In a fireside chat before alumni, faculty and deans of the Cornell SC Johnson College of Business Jan. 25, Hotel School alumnus Alan Rosen ’91 shared his journey at the helm of one of the most delicious operations in the country – Junior’s, a restaurant company famed for its cheesecake. Conversing with professors David Just and Alex Susskind at Convene in midtown Manhattan, the second-generation CEO discussed how his family business has thrived and is poised for expansion in an era of rapid change.
As a student at Cornell’s School of Hotel Administration, Rosen said, he thought he was destined to run a large restaurant chain as soon as he had his diploma in hand. After graduation, however, he managed a Chili’s restaurant, ran a nightclub in New York City and “did other things that Hotelies do” before asking his uncle for a job at Junior’s. His uncle turned him down, saying that he did not have enough experience to work for the family business. The nephew asked his uncle the same question “practically every week” until he was finally hired, essentially as a floor manager. Still, he took his position seriously and worked his way up the ranks, eventually assuming the top job.
As CEO, Rosen has grown the business, opening new locations in New York, Connecticut and Florida and developing a direct-shipping model that delivers 350,000 cheesecakes a year nationwide. He has also brought his personality to the television shopping network QVC, a move that has garnered further sales of up to 250,000 cheesecakes per year – only the beginning, he said. The company has just purchased a state-of-the-art bakery facility in New Jersey to meet demand and grow distribution. “That facility has a $100 million capacity,” he said.
As Rosen explained, technology has driven Junior’s to evolve.
Competing in today’s multi-unit restaurant space would not be possible without the networking technology that enables those units to stay connected, he noted, and robots are now automating many manufacturing tasks: “We used to have guys swirling cakes by hand and getting carpal tunnel. Now we’re buying robots for our factory.”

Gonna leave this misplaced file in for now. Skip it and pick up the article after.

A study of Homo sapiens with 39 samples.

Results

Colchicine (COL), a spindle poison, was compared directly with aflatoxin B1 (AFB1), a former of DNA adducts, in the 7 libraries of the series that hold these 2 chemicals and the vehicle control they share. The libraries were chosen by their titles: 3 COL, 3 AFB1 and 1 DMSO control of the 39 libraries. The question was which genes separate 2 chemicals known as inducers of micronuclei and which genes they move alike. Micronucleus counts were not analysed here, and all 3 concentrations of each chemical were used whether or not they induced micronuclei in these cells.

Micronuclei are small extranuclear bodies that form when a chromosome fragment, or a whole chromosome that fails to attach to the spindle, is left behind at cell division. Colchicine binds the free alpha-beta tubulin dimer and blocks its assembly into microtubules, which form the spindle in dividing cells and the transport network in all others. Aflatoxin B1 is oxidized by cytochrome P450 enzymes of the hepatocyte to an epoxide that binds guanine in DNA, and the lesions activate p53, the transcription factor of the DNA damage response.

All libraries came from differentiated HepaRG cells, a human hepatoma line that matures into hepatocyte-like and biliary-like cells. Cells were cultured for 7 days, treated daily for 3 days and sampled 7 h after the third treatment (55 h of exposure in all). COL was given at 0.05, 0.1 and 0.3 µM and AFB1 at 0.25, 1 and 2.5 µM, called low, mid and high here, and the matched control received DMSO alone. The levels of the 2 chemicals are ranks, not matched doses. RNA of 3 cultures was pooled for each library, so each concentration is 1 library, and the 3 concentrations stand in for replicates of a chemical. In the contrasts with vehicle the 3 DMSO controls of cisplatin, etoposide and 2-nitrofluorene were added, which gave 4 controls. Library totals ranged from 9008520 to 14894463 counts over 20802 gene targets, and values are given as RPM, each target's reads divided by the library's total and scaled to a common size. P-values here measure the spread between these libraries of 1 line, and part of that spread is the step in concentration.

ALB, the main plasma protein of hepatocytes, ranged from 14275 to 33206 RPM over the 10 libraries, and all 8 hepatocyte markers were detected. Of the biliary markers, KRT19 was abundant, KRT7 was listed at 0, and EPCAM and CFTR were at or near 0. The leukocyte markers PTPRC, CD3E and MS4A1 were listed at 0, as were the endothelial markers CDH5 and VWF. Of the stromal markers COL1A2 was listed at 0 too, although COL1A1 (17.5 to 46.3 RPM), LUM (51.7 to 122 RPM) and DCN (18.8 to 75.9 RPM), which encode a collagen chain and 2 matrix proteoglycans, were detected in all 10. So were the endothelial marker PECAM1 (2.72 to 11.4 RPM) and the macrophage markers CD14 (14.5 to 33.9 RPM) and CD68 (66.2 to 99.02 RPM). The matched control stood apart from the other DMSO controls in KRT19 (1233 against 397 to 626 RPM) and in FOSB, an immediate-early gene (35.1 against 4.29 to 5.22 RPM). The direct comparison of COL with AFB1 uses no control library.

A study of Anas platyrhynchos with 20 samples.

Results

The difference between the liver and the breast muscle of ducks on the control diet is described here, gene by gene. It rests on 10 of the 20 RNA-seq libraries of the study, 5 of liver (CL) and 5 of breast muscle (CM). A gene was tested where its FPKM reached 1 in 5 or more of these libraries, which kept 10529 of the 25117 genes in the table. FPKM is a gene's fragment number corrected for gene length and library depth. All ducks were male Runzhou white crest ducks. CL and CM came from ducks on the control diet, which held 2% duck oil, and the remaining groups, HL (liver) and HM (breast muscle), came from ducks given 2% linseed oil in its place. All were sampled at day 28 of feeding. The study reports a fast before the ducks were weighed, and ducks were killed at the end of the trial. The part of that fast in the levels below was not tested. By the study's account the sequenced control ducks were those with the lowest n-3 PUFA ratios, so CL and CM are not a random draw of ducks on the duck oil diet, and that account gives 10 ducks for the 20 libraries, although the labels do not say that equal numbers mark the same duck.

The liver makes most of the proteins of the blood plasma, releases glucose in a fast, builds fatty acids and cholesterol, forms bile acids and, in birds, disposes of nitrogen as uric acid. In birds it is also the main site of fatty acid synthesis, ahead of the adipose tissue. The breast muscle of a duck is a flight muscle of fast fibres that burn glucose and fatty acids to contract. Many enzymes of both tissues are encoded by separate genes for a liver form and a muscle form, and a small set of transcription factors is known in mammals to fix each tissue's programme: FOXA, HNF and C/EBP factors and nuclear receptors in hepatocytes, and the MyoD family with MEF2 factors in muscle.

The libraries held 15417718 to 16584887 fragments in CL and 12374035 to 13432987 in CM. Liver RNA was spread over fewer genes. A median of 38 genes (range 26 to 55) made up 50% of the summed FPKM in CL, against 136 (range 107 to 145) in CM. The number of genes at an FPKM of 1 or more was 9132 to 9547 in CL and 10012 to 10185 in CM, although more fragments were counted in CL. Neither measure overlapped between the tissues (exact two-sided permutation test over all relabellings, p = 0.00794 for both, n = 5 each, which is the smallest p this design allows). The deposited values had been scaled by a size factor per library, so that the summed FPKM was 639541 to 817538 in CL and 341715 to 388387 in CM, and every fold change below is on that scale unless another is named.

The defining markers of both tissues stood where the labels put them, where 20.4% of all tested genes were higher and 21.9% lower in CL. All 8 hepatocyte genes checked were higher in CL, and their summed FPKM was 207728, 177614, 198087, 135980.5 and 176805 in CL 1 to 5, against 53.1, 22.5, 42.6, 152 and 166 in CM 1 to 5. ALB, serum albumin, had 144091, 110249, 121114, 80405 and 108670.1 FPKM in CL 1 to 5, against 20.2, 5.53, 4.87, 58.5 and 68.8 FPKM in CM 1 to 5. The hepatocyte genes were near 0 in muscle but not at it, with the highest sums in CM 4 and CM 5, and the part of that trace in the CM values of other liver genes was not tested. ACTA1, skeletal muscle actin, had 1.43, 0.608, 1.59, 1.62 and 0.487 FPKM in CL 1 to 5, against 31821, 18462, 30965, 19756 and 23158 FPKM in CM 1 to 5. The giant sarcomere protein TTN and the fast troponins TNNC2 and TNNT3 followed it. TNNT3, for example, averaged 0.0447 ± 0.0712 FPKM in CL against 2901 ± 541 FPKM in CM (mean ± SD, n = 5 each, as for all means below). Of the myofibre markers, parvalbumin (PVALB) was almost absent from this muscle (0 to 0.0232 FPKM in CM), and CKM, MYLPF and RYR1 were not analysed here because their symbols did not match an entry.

Consumer-facing technology is also transforming how restaurants do business. “We’re getting to a point where soon, if consumers are within 100 yards of a Junior’s restaurant, they’ll get a push notification saying Junior’s is nearby and the soup of the day is butternut squash,” Rosen said.
Other trends shaping Junior’s business include the growing spending power and influence of millennials and their propensity to seek out healthier food options. “Yes, people are eating healthier. But if they’re going to have a slice of cake, it’s going to be the best slice of cake that they can have. No millennial is going to eat a generally manufactured cheesecake, but they’ll eat a Junior’s cheesecake,” Rosen said. Millennials are also a promising cohort for Junior’s because they’re more likely to eat out than previous generations, he added.
The on-demand economy has touched Junior’s, which does business via Amazon Fresh and Jet in addition to traditional grocery stores.
While Rosen continues to learn about business, he clearly already knows a thing or two about what it takes to grow and run a successful company. With 900 employees, five locations across three states, a wholesale business in early stages of growth, solid direct-to-consumer sales, a licensing deal with potential to cover the globe, and a QVC business, Junior’s has the potential to have 20 to 40 restaurants and to become a billion-dollar brand, he said. It’s present popularity has grown organically, with little investment in marketing. “We’re a national brand with no national branding,” he said.
Challenges such as keeping up with demand, increasing distribution and identifying the best areas for new restaurant locations lie ahead for Junior’s, Rosen said.
As for a secret recipe for success, Rosen said there is none. Rather, it comes down to maintaining a classic restaurant and bakery concept with broad customer appeal, serving comfort food in a warm and inviting environment, and delivering exceptional service at landmark city locations.
His message for entrepreneurs? It’s perfectly okay for companies to hold fast to an old-school, small-business mentality as long as they have the values, tools and team to adapt to the changing forces that now shape the industry.
The event was organized by the New York chapters of the Johnson Club and the Cornell Hotel Society.
Maria Minsker '13 is a freelance writer for the Cornell SC Johnson College of Business.